Make it OK

By Make It OK-Iowa on Wednesday, April 29, 2020


Dan's story

Dan Hanrahan recalls his past mental illness experience as a deluge of waves. They would crash over him in periods of depression, and he would feel adrift, isolated and anxious for the next that wave to come.

DanIt hit the hardest in 2012. Hanrahan was going through a divorce. He had started his own off the farm business. His father received a difficult health diagnosis. Emotions were at an all-time high.

“Everything was happening all at once,” said Hanrahan, who works as a farmer in Cumming. “You were trying to figure out how to set your own course.”

Hanrahan sought out a mental health professional, who helped him work through his emotions and got him to think again. To this day, Hanrahan continues to dive deep into understanding the intricacies of mental health. He attends a bi-annual mental health conference in Des Moines.

RELATED: Common mental illnesses | Tips for talking about mental illness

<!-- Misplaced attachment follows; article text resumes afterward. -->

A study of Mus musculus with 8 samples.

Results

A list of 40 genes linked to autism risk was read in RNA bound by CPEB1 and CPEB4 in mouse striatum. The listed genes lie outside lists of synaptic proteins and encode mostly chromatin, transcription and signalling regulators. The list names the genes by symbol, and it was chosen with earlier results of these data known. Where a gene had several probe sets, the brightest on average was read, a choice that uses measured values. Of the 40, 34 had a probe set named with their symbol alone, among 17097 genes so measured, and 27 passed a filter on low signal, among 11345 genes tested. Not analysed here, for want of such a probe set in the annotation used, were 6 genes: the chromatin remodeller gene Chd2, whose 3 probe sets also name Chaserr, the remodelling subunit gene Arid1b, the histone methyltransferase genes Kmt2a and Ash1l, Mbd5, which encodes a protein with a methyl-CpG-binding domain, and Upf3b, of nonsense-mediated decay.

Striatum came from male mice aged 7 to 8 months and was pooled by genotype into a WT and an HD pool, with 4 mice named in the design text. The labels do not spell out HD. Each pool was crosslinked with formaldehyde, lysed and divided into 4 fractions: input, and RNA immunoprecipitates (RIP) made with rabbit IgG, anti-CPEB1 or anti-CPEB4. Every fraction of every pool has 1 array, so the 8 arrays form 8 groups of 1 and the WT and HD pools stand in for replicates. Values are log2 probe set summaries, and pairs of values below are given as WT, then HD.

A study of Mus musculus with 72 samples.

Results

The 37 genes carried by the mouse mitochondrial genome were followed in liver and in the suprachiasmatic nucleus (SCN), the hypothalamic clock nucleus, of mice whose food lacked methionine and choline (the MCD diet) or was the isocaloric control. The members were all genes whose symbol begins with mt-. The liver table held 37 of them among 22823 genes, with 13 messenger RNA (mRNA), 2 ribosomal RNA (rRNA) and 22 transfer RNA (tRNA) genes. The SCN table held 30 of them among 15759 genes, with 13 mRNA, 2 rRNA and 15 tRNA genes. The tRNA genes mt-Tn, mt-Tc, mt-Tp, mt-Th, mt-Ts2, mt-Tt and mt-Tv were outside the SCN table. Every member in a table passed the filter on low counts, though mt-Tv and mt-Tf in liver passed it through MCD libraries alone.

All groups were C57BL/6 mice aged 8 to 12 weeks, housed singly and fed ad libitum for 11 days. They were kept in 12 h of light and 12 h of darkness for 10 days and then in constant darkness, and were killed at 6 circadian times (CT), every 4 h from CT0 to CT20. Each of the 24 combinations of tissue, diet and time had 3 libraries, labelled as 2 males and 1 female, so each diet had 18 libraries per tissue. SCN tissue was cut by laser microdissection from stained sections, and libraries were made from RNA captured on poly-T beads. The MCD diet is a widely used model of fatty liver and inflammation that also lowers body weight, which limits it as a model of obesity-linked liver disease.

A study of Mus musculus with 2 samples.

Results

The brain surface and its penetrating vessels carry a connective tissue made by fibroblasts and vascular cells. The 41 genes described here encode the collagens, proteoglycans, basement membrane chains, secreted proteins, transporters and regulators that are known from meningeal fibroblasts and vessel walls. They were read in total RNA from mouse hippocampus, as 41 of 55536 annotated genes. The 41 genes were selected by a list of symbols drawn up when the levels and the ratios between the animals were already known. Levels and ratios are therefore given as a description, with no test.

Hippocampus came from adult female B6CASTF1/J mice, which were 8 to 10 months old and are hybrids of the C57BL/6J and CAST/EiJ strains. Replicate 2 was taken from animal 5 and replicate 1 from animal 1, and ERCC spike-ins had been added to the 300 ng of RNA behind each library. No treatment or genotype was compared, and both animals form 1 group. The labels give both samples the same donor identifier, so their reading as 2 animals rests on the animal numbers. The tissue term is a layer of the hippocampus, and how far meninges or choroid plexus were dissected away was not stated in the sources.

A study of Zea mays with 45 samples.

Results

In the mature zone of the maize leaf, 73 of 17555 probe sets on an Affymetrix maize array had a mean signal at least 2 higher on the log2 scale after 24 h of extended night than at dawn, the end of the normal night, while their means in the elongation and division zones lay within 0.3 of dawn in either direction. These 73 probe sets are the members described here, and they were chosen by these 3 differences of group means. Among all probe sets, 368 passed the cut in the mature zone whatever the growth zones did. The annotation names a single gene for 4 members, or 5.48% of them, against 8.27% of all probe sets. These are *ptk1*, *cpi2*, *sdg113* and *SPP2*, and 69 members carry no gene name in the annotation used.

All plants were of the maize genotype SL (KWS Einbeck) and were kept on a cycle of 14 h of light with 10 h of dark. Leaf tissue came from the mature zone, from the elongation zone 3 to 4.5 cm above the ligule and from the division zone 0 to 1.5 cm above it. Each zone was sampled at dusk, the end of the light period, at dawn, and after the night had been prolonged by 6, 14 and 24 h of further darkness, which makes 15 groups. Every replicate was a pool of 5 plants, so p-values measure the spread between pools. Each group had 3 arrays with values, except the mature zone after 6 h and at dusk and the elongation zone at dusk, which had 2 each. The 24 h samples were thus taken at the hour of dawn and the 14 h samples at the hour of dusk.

He now looks at mental health as something everyone can improve. Just like our physical health, mental health can be worked on and strengthened.

“I’ve learned so much about myself and mental health, and I’m in a much better position than I was eight years ago,” Hanrahan said. “I never would’ve been introduced to it if it wasn’t for my struggles. Some of the things I found out, I doubt I ever would have discovered at all.”


“By focusing on mental health, I’ve got out of those waves, into my own boat, with a sense of direction."


Now 43, Hanrahan has found himself more present in relationships and day-to-day experiences and says he is grateful for his journey.

“There are still things I work on, but we all can,” Hanrahan said. “By focusing on mental health, I’ve got out of those waves, into my own boat, with a sense of direction.  Every day I learn a little more about sailing. It’s the journey of a lifetime.”

RELATED: Read more stories like Dan's


logoMake It OK  is community campaign to reduce stigma by starting conversations and increasing understanding about mental illness.  Start by learning what a mental illness really is. Then, find out what to say and not to say when someone opens up to you.  You can also help others by sharing your own story to help people know they aren’t alone. Learn more about how you can get involved at MakeItOK.org/Iowa.